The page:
I was far too old when I heard this; long past the age when it should have been part of my soul. I should have heard this growing up, letting its searing riffs embed themselves deep into my adolescent psyche; its heart-rending, tear-inducingly beautiful solo entwining itself with my memories like roses in a trellis.
As it is, I only heard this a few years ago and thought, “F*** me, it’s pretty.” It is pretty. Its central section ranks alongside Comfortably Numb and Hangar 18 as the most lovely thing you can reasonably do with a guitar.
It seems staggering now that people thought this was about devil-worship. There was a whole barrel of stupidity and ignorance about metal in the 80s that prevented a lot of impressionable ears from hearing things that would have made them much happier. This is a song about drug addiction – cautionary, not celebratory. Horrified parents should have been playing it to their kids.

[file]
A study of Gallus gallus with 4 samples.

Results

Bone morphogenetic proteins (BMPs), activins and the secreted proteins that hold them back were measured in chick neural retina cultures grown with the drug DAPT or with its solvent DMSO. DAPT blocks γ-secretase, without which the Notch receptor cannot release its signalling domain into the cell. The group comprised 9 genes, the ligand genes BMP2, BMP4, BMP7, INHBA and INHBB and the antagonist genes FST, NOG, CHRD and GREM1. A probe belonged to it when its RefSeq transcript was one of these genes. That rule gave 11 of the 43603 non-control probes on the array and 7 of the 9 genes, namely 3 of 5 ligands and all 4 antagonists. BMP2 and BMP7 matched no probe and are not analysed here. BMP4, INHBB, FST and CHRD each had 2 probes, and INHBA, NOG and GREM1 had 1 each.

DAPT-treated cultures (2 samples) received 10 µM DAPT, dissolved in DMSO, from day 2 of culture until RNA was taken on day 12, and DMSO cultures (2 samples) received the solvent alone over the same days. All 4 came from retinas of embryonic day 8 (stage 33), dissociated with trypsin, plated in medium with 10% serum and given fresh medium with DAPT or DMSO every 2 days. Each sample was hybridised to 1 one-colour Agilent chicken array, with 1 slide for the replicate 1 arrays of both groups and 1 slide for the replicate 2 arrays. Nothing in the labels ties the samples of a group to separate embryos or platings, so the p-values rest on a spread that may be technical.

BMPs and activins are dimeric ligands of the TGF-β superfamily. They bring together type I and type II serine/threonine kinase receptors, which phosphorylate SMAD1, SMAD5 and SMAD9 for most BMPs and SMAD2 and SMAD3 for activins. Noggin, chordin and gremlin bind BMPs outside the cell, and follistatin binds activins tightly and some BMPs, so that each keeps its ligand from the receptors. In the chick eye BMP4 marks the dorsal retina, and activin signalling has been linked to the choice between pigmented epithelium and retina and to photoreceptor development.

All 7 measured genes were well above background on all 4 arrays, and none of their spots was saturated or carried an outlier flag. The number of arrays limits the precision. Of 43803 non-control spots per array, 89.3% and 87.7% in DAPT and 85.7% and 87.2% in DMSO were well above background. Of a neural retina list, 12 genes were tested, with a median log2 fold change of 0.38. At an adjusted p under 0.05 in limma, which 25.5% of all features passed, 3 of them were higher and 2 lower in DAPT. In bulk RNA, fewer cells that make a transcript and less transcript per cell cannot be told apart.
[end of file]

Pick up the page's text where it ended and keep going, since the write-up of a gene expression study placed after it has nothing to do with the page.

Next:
I think we’ll be playing it to ours.
Talking of the offspring, there are two songs guaranteed to quell the most tiresome of tantrums: Somewhere Over The Rainbow and Sing A Song. The latter isn’t on my list, but another Carpenters song makes number 45 on my list. There was something so effortlessly, purely perfect about The Carpenters, and particularly Close To You. It was written by Bacharach & David, and was originally recorded by Richard Chamberlain in 1963. Dionne Warwick included it as the B-side to her 1965 single Here I Am, but of course it’s the Carpenters version that is most well known. It was number one on the Billboard charts for four weeks in 1970.
The video always reminds me of an indie song called I Wonder Why released in around 1990, but I can’t remember the band who did it. Their promo riffed on the Carpenters’ “letter” theme, with the band sitting in the letters W-H-Y. I’m sure it will come back to me at some point.